Nobelist David Card Made the Minimum Wage Respectable

Every year Australia’s Fair Work Commission considers whether to raise the minimum wage. And every year business leaders warn doing it will cost jobs.

This year’s Nobel Prize in economics has been awarded to US-based economist David Card for his work with Alan Krueger in reversing this perception.

Before Card and Krueger “everyone knew” that imposing or increasing a minimum wage would cost jobs. Employers wouldn’t have the money to keep on as many staff.

Card and Krueger work turned that proposition into the Loch Ness Monster of economics – often discussed but never actually seen. It wasn’t just that economists weren’t looking hard enough to find it, it was that it wasn’t there.

In an influential article in 1994, later expanded into a book, Card and Krueger examined a “natural experiment.” In 1992 the US state of New Jersey increased its minimum wage to be the highest in the US. The neighboring state of Pennsylvania did not.

Surveying fast food workers either side of the border

Fast food outlets employ many workers on the minimum wage.


Card and Krueger surveyed around 400 outlets on either side of the state border. They wanted to see whether there was any difference in the changes in the numbers of workers employed in the cities that were near each other but differed only in what they had done to the minimum wage.

They found “no indication” that the rise in the minimum wage cost jobs.

A 2021 study found support for minimum wages had spread to institutions as well-pedigreed as the International Monetary Fund and the OECD.

It described Card and Kreuger’s paper as “central to this change in view.”

Card and Kreuger’s work has been cited in judgements of Australia’s Fair Work Commission.

It means their work has helped determine the incomes of low wage workers in a country half a world away, a classic example of economist John Maynard Keynes’ dictum about the impact of academic scribblers.

“Madmen in authority, who hear voices in the air,” Keynes wrote, “are distilling their frenzy from some academic scribbler of a few years back.”

‘Natural experiments’

In another study casting doubt on received wisdom, Card examined the impact of immigration on the wages and employment of locals. He found it was tiny.

A sad aspect of this year’s Nobel is that Card could not share it with his co-author. Alan Kreuger arguably made an even greater contribution to economics. His work ranged from the economics of inequality and rock music to terrorism. Kreuger also served as chair of President Obama’s Council of Economic Advisers. Tragically he took his own life in 2019. Nobels are not awarded posthumously.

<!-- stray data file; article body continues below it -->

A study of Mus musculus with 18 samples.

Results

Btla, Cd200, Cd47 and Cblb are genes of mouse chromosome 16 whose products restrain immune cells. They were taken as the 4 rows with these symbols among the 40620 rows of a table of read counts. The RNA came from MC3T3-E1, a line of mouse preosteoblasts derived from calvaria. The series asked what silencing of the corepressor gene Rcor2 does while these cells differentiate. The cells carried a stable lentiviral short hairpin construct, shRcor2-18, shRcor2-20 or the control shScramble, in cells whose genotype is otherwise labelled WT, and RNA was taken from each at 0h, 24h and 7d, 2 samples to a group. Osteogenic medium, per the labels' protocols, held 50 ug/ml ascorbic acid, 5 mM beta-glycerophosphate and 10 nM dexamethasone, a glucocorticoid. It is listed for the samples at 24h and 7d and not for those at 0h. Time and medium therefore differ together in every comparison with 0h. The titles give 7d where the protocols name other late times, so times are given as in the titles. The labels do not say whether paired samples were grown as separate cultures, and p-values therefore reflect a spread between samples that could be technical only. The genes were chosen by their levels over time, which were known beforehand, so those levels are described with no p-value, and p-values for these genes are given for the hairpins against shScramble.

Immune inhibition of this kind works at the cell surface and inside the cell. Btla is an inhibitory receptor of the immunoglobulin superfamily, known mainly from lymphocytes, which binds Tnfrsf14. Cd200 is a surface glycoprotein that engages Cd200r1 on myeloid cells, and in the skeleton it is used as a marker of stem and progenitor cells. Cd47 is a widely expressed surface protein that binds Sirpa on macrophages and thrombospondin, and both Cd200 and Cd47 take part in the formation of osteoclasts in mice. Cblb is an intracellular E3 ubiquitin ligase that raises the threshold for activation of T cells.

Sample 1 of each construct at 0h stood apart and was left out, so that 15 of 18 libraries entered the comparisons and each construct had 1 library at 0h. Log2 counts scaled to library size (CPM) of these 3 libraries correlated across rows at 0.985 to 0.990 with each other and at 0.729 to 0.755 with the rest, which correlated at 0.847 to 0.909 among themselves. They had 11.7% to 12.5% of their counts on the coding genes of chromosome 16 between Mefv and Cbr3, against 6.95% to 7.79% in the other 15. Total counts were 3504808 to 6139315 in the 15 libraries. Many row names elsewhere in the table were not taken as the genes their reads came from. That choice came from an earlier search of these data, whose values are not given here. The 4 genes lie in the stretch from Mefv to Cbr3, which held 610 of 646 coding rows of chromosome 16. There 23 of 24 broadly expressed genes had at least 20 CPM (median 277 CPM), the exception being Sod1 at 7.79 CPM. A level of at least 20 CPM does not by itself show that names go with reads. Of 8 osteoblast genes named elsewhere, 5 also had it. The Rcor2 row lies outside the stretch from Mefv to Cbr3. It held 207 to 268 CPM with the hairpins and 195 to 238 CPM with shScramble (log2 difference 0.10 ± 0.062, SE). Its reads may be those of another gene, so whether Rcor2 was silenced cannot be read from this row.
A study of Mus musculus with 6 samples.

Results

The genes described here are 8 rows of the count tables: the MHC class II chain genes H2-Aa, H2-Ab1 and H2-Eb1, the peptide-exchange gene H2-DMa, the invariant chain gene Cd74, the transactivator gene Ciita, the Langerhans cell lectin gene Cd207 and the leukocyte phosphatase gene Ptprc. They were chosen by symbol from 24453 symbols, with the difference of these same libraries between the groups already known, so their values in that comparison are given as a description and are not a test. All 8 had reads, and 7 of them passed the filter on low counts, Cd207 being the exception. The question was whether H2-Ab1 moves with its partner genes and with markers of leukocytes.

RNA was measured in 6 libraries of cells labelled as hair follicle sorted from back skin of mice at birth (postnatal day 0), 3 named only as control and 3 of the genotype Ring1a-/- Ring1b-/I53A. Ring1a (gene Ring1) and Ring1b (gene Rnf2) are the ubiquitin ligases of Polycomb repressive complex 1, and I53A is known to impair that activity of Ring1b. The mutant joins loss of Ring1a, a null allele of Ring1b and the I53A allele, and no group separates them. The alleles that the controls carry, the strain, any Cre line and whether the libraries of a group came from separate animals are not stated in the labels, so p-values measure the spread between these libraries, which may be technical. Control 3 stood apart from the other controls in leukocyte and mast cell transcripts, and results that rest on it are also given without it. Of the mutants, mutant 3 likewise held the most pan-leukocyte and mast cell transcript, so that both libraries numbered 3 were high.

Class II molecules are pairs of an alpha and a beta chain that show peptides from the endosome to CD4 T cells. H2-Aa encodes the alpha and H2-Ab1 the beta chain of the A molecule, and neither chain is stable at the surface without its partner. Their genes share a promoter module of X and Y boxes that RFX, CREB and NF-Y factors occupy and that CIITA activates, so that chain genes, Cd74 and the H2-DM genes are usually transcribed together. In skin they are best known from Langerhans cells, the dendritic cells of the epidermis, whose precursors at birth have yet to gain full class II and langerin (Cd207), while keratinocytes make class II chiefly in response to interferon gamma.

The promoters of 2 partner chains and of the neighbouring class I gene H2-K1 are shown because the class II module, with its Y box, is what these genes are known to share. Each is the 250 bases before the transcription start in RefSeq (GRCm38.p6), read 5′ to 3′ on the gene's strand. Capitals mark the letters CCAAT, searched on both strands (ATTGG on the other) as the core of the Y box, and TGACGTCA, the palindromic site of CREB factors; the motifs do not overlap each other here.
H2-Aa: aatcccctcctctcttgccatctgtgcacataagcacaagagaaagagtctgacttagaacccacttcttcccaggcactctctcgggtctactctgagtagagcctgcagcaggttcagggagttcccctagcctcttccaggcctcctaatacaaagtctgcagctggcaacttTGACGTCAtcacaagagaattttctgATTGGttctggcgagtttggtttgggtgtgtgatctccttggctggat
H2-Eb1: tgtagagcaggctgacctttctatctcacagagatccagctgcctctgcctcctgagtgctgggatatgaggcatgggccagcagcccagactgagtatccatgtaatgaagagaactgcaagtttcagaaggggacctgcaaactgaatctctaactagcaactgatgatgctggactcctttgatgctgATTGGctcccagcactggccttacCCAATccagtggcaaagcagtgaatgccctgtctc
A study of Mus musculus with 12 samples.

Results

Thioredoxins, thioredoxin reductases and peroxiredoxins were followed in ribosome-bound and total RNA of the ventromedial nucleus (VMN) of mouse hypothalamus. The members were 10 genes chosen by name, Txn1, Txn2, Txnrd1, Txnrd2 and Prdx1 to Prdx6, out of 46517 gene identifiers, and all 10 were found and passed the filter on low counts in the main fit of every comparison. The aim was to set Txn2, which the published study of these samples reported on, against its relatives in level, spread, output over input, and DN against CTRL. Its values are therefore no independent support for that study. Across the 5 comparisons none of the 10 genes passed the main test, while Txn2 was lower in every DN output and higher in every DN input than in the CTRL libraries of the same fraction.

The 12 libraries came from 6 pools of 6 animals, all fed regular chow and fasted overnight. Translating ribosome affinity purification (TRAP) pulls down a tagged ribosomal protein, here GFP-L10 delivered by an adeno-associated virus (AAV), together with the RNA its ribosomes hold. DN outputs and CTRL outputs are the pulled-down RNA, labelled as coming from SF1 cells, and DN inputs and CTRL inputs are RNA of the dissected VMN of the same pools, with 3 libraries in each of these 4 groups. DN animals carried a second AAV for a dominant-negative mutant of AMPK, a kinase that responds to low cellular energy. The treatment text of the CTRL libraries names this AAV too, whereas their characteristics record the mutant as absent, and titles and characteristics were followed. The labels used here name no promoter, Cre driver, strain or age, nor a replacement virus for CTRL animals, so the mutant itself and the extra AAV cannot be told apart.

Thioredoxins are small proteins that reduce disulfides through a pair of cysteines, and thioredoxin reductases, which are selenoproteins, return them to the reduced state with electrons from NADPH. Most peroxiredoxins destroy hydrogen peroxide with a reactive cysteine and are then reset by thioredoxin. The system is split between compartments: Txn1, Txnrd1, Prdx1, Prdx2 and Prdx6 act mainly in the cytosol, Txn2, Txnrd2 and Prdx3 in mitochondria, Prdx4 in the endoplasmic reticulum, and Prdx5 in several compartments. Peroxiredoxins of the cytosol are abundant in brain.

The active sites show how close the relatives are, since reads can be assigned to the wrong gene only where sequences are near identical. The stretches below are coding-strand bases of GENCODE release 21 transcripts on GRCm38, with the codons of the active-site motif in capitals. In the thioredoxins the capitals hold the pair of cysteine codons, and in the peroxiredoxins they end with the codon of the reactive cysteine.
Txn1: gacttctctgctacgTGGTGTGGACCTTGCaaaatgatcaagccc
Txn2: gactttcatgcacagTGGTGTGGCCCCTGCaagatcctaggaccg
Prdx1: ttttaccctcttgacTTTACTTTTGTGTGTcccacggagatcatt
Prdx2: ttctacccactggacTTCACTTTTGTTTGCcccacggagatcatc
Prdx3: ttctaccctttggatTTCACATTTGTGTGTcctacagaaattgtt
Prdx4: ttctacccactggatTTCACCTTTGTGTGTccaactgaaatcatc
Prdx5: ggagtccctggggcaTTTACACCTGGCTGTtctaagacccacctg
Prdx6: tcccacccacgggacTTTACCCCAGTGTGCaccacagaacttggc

Instead the prize was shared with Joshua Angrist and Guido Imbens. Their Nobels were for “methodological contributions to the analysis of causal relationships.”

In many cases economists can’t do controlled experiments. Governments are reluctant to boost the minimum wages of just half of the workforce so that economists can see what happens.

Instead economists create “natural experiments” using things such as the differences between cities on either side of borders. Angrist and Imbens helped establish a framework for how to conduct them.

Potential future winner Susan Athey. (Photo: Christopher Michel/Stanford)

The award of this year’s Nobel to three US-based men did little to point to diversity in economics.

Male, middle-aged, American

A possible indicator of a future winner is that Susan Athey was this month elected 2022 president of the American Economics Association.

Her research interests include the economics of the internet and news media, machine learning, big data and cryptocurrencies.

This year’s winner David Card is the current president of the American Economics Association, as have been many other previous Nobel winners.

Athey was also the first woman to win the John Bates Clark Medal which is awarded to the American economist under the age of 40 judged to have made the most significant contribution to economic thought and knowledge.

Card is one of many John Bates Clark Medal winners to later win a Nobel.

Some readings by David Card

SAGE Publishing, the parent of Social Science Space, has published many of David Card’s academic articles over the years. Below is a selection.

School Resources and Student Outcomes” | David Card and Alan Krueger, from the September 1998 volume of the ANNALS of the American Academy of Political and Social Science

The Impact of Deregulation on the Employment and Wages of Airline Mechanics” | David Card in the July 1986 volume of the Industrial and Labor Relations Review

Using Regional Variation in Wages to Measure the Effects of the Federal Minimum Wage” | David Card in the October 1992 volume of the Industrial and Labor Relations Review

The Impact of the Mariel Boatlift on the Miami Labor Market” | David Card in the January 1990 volume of the Industrial and Labor Relations Review

Do Minimum Wages Reduce Employment? A Case Study of California, 1987–89” | David Card in the October 1992 volume of the Industrial and Labor Relations Review

Would the Elimination of Affirmative Action Affect Highly Qualified Minority Applicants? Evidence from California and Texas” | David Card and Alan Krueger in the April 2005 volume of the Industrial and Labor Relations Review


John Hawkins is a senior lecturer at the Canberra School of Politics, Economics and Society and NATSEM, University of Canberra. He has headed the economics division at the Hong Kong Monetary Authority and been a senior economist with the Reserve Bank of Australia, Bank for International Settlements and Australian Treasury and secretary to the Senate Economics Committee.